Mrs. Huynh-Duc 9th Grade Honors

2 First of all…What is Plagiarism?
Essentially, plagiarism is not giving credit where credit is due.

3 What Happens If I Plagiarize?
You receive an “F” on your project I will have to write you up for administrative consequences It may be on your permanent record

4 How to Avoid Plagiarism
Don’t copy anything verbatim- paraphrase as you take notes If you do copy something word-for-word, put in quotation marks and make a note of the page number Use a system to keep track of your sources Choose your sources carefully Don’t borrow the structure of another author’s phrases or sentences (no cut-and-paste) DO NOT USE another writer’s IDEAS without proper citation DO NOT USE another writer’s WORDS without proper citation

5 Using MLA Format MLA (Modern Language Association) is a commonly used
method for documenting sources in a written work. For the beginner, MLA can be daunting, but there are many resources for the student to use, and in time, this method will become a piece of cake.

6 Why use MLA format? Allows readers to cross reference your sources
easily Provides consistent format within a particular discipline Gives you credibility as a writer Protects you from plagiarism

7 Where do I find MLA? Your project materials give you the basics
MLA Handbook for Writers of Research, 6th ed.

8 Two Parts of MLA PARENTHETICAL CITATIONS within your outline (or, in the future, your research paper) WORKS CITED PAGE

9 Parenthetical Notation (In-text Citations)
The Two Basic Features Always Used When Citing a Source In Your Paper: The last name(s) of the author (or authors) The page number(s) where the information is located, unless the source is online or only one page long Do not include the abbreviation “p.” (or “pp.”) or the word page or pages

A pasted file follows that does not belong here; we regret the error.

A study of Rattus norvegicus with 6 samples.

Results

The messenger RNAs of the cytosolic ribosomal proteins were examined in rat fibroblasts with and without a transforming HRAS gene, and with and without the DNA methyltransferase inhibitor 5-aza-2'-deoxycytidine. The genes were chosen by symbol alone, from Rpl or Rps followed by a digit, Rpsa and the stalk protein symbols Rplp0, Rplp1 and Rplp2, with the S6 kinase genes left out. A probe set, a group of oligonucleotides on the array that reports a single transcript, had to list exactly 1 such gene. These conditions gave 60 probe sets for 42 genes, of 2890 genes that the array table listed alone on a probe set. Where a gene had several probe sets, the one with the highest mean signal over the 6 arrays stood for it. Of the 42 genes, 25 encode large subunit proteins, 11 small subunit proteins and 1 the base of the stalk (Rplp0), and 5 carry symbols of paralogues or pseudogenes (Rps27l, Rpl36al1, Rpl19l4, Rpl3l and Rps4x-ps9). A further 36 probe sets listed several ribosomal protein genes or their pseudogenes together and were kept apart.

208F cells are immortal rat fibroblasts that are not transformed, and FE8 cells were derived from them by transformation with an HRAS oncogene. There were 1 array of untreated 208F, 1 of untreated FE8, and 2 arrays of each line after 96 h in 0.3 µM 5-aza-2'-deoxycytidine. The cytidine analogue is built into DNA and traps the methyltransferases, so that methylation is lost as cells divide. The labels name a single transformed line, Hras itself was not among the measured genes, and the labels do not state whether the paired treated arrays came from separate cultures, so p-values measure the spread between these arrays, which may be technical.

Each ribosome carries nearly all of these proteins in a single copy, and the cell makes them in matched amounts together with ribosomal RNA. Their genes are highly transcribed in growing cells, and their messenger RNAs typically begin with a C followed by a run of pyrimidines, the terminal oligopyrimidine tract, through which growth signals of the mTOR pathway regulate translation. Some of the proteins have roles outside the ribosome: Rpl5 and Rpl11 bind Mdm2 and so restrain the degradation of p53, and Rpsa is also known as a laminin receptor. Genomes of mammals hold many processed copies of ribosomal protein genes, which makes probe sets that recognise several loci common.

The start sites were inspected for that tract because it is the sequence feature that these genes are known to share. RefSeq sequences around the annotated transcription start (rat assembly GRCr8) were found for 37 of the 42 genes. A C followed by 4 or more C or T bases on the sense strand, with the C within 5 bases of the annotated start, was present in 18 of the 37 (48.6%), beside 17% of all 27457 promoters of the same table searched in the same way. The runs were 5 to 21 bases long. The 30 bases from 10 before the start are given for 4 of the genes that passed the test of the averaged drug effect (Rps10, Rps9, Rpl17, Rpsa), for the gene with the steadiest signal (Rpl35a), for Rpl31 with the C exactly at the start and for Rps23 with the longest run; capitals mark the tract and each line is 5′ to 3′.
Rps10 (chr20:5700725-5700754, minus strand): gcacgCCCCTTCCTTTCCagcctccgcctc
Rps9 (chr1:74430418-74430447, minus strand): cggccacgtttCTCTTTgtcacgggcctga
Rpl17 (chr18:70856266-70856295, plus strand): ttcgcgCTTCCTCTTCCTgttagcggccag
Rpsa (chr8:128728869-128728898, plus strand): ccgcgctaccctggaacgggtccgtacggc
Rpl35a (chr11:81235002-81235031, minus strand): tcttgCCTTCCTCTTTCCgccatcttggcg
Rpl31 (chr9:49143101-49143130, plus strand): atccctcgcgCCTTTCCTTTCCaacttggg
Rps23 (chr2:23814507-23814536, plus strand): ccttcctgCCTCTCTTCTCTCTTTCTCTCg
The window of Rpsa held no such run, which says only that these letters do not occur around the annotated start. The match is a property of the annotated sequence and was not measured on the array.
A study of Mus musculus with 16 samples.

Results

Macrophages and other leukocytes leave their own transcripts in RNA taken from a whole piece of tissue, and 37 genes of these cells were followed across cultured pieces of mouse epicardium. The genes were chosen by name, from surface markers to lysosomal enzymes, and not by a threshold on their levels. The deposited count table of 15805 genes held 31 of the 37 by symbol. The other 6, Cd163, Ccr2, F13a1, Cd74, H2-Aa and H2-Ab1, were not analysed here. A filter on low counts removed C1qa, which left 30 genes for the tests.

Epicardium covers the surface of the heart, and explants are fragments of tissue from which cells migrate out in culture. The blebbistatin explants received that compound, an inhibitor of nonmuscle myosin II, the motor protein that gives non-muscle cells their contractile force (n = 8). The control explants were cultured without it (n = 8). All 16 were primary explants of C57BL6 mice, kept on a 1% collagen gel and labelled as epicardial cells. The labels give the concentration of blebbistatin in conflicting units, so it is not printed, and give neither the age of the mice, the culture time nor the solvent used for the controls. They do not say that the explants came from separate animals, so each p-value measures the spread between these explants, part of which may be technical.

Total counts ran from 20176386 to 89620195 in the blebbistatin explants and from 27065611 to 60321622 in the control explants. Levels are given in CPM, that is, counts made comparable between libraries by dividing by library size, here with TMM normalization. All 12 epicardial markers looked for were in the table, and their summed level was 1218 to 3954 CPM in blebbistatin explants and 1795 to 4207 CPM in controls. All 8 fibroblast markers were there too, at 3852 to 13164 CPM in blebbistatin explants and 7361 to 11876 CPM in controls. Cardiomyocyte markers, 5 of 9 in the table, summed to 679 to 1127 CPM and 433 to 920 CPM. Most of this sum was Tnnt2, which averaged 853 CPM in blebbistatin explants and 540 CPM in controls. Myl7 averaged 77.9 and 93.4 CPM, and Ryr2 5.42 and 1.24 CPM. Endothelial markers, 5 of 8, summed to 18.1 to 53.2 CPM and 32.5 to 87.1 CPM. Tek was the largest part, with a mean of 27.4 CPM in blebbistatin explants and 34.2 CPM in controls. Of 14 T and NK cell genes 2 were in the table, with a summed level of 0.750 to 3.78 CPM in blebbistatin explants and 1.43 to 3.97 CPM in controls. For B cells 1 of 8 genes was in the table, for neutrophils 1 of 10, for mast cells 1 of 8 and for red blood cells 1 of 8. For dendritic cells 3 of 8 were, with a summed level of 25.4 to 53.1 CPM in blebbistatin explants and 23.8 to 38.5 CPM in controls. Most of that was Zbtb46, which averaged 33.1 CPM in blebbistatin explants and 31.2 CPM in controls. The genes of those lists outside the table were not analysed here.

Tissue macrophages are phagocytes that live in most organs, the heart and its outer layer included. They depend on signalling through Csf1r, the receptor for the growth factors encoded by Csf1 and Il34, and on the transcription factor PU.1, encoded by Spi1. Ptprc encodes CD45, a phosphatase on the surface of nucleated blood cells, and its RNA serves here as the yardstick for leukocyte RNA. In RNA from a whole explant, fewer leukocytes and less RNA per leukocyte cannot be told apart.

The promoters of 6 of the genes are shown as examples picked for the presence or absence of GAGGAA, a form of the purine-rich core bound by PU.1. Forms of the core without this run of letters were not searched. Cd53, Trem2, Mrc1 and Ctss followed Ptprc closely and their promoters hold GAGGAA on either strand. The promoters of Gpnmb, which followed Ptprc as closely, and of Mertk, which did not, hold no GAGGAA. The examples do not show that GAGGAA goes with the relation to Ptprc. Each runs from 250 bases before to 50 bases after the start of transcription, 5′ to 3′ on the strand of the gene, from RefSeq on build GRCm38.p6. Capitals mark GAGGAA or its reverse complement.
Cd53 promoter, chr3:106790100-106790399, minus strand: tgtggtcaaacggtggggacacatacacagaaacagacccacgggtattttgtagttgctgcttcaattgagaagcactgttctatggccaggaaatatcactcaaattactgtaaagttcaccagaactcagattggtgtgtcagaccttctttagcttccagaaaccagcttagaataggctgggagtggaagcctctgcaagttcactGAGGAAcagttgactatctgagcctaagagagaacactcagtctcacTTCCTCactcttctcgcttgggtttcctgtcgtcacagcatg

10 Parenthetical Notation (Examples)
One Author, named in your introductory phrase According to Jane Leeves, there are too many rules when it comes to writing a research paper (21). Author not named in the text In the last ten years, the guidelines for writing an “A” paper have become very stringent and selective (Leeves 17-18). Two or more authors: (Leeves and Smith 71). Work cited indirectly in another source “Writing became a way to become coherent in the world.” (Morrison qtd. in Samuels 7).

11 What is the format for a long quote?
If a quotation is four lines or longer, indent each line of text ten spaces on the left; quotation marks are omitted; no period after citation: When Ambrose asked Tom Hanks if he is an optimist, Hanks replied: Shamelessly so. I apologize to my friends and family because I say it all the time, but if you had told me in 1966 that I’d be an actor and make movies, I would have thought you were insane. If you told me in 1966 I’d be married and have four great kids, I could never have imagined it. (68)

12 How do I paraphrase? Original Text: The amazingly fast recovery of the cancer patient baffled the doctors and scientists. Unacceptable Paraphrasing The cancer patient’s amazingly fast recovery surprised the scientists and doctors. Acceptable Paraphrasing When they were informed about the speedy recovery of the cancer patient, neither doctors nor scientists could provide a reasonable explanation.

13 What is Works Cited? At the end of your paper, you must list the authors’ names alphabetically (last name first) of all the sources you refer to in your paper Most citations should include: Author’s Name Title of Publication Publication Information (Location, Publisher, Year)

14 Works Cited (Examples)
Books -One Author: Leeves, Jane. Writing An “A” Paper. New York: Penguin, 1995. -Two of More Authors: Jamison, Jane, and Mike Krauss. No Gain Without Pain. Chicago: Random House, 1992. -Author and Editor: Shakespeare, William. The Complete Tragedies. Ed. John Sawyer. Boston: Norton, 1987.

15 Works Cited (More Examples)
Magazine article: Myers, Kevin. “Research is Overrated.” Time 25 June 2001: 7-9. Newspaper Article: Miller, Joe. “Plagiarism on the Rise.” New York Times 28 May 2000: B1+. Web Page: “The Perfect Quote.” Encyclopedia Britannica Online. Vers. 55. 9 August Encyclopedia Britannica. 20 August 2001 <http://www.eb.com:180>.